One would think, since director Rintaro and company repeated the good vs. evil plot of this tedious anime film about a dozen times, that “X” would be easy to summarize. It is, to an extent. Apparently, there’s some sort of epic battle under way for the fate of the Earth. On one side, the seven Dragons of the Earth awaken, first to destroy Tokyo — which always seems to take it on the chin in Japanese genre films — then all of civilization in order to clear the planet of us human dregs. Opposing them are the seven Dragons of Heaven, represented by the seven stars of the Big Dipper, which have the power to create power shields to protect mankind’s cities from the Dragons of the Earth scourge.
Each Dragon seems to be represented by a human blessed with superhero powers…and cursed with some of the lamest one-liners this side of a Schwarzenneger flick. Heading up these human incarnations — and here’s where things get hazy — are Kamui, the captain of the Heaven team, and his best friend from childhood Kotari, leader of the Earth squad who automatically (why?) becomes Kamui’s sworn enemy and turns into a real cretin for no apparent reason. The two spend most of the film receiving advice from a pair of opposing “dream watchers” — sisters Hinoto and Kanoe who act as sort of oracles for their respective warriors — and trying to rescue Kotari’s kid sister Fuma, whom Kanoe kidnapped for reasons left entirely unclear.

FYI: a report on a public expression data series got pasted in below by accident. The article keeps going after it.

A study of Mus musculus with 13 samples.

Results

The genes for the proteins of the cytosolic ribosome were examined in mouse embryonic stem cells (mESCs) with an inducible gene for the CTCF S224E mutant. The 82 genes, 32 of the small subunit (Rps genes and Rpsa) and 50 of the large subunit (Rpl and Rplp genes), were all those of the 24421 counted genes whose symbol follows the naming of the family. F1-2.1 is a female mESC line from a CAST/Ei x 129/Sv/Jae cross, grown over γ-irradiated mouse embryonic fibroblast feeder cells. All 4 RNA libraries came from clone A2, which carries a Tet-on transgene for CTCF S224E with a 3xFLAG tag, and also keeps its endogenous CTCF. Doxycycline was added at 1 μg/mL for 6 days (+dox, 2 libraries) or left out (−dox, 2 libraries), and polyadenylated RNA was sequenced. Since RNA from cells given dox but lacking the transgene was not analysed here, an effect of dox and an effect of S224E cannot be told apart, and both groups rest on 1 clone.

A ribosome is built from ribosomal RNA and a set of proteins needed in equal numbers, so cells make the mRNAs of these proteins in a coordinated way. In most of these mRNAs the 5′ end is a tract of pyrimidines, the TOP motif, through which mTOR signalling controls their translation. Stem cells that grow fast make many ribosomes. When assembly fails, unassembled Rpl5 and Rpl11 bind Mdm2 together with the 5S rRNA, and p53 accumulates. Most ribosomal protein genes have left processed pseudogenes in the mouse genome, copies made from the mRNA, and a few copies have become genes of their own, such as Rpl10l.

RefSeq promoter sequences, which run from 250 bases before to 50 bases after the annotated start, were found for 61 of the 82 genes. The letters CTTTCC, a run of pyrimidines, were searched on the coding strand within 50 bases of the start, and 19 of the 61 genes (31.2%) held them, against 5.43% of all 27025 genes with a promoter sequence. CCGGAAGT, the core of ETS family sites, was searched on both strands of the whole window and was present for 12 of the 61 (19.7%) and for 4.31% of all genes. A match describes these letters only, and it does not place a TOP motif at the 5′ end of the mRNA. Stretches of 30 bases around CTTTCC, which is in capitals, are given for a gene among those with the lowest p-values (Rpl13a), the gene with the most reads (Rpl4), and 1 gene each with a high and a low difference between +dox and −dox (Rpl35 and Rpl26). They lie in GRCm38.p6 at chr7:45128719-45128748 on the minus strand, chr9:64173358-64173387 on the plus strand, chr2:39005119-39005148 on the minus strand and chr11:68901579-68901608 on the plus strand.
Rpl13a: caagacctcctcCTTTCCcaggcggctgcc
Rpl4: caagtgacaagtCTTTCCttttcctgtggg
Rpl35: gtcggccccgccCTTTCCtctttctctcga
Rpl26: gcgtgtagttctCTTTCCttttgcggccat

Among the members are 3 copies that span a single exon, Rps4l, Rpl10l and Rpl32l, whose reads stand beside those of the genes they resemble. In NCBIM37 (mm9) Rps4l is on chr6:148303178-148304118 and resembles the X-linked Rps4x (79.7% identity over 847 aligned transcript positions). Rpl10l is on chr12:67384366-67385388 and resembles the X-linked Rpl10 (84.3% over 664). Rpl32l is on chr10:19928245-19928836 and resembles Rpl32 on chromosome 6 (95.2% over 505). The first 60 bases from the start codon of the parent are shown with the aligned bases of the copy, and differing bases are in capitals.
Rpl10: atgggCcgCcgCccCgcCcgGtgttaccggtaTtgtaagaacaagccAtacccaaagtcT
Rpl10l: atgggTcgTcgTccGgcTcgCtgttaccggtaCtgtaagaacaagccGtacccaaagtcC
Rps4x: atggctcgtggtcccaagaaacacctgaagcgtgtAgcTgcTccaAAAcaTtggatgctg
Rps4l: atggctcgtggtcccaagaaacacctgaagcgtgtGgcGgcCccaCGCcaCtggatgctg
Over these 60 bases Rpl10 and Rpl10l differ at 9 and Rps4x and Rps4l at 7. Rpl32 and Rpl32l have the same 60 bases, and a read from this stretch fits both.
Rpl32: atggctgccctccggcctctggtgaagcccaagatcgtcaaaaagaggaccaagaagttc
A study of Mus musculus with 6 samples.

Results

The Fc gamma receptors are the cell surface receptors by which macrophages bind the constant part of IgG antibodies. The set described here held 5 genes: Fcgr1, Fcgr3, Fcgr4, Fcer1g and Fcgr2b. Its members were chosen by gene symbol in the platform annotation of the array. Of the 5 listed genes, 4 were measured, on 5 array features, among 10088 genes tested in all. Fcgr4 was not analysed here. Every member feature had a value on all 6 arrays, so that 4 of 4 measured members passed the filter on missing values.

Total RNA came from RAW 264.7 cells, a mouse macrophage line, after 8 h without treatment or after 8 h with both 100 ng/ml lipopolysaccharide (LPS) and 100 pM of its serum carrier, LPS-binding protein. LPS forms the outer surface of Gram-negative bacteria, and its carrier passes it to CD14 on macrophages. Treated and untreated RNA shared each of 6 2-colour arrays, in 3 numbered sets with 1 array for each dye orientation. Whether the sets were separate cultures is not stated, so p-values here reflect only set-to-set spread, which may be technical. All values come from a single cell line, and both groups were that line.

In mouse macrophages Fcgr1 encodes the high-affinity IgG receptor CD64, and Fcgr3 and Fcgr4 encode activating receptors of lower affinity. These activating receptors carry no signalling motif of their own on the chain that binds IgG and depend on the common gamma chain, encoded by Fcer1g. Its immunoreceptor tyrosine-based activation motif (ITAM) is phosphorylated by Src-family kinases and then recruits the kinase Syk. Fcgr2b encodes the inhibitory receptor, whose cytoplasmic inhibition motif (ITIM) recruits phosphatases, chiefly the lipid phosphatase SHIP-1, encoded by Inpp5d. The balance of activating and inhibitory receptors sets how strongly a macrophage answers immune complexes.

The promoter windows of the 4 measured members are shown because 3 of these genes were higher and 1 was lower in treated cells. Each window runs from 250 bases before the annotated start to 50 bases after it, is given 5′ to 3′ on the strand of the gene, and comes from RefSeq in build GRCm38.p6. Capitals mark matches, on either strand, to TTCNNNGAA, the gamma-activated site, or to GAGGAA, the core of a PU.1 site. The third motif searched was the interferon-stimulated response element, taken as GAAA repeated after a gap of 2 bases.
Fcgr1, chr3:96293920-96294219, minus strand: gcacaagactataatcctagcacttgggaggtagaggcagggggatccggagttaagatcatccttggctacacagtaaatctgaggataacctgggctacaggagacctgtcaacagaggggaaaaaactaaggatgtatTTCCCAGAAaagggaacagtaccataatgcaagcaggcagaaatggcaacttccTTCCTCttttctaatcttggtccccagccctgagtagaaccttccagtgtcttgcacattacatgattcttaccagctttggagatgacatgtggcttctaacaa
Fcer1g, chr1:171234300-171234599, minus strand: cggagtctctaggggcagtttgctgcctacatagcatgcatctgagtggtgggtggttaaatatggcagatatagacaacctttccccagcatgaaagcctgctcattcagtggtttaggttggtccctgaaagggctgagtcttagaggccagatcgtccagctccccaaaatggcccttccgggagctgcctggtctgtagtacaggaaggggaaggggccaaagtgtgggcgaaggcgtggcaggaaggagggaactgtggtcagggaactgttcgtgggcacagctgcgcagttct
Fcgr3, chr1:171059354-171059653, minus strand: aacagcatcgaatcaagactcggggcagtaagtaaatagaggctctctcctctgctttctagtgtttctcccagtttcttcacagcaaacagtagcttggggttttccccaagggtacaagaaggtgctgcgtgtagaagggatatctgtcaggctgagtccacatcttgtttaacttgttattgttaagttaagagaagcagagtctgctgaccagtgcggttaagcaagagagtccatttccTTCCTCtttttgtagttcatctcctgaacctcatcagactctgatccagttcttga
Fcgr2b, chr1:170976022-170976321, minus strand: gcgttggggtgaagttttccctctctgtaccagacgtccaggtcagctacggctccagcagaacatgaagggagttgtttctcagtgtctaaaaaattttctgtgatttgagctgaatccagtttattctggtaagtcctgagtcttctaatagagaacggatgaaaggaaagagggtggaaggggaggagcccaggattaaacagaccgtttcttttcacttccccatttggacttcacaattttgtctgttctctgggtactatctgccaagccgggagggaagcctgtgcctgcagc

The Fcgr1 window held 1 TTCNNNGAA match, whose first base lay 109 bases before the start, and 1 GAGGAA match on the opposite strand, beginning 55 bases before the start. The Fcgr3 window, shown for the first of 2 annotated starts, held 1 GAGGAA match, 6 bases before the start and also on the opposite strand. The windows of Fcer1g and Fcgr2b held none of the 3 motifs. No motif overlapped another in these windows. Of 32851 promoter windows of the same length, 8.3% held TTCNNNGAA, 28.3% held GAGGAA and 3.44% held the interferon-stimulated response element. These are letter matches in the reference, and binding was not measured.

The name “Kamui,” we learn, means “God’s power. One who will act on God’s behalf.” Guess it’s pretty easy to tell who the good guys are. Yet, such obvious bias undercuts what could have been a very intricate and complex man vs. the environment argument and instead reduces this film to a violent and blood-soaked white hat/black hat anime testosterone fest. Even with such overly simplistic reductionism and even after repeating the plot over and over again with some of the most melodramatic, on-the-nose writing seen outside of Saturday morning cartoons, “X” is still an interminable, confusing, boring mess. Yeah, it looks awesome; probably every bit as hot as it does in its Kadokawa Shoten Asuka Comics form or when it was serialized in Asuka Magazine.
Which leads this reviewer to the obviously cliched conclusion that the best way to experience “X” would be to read the book.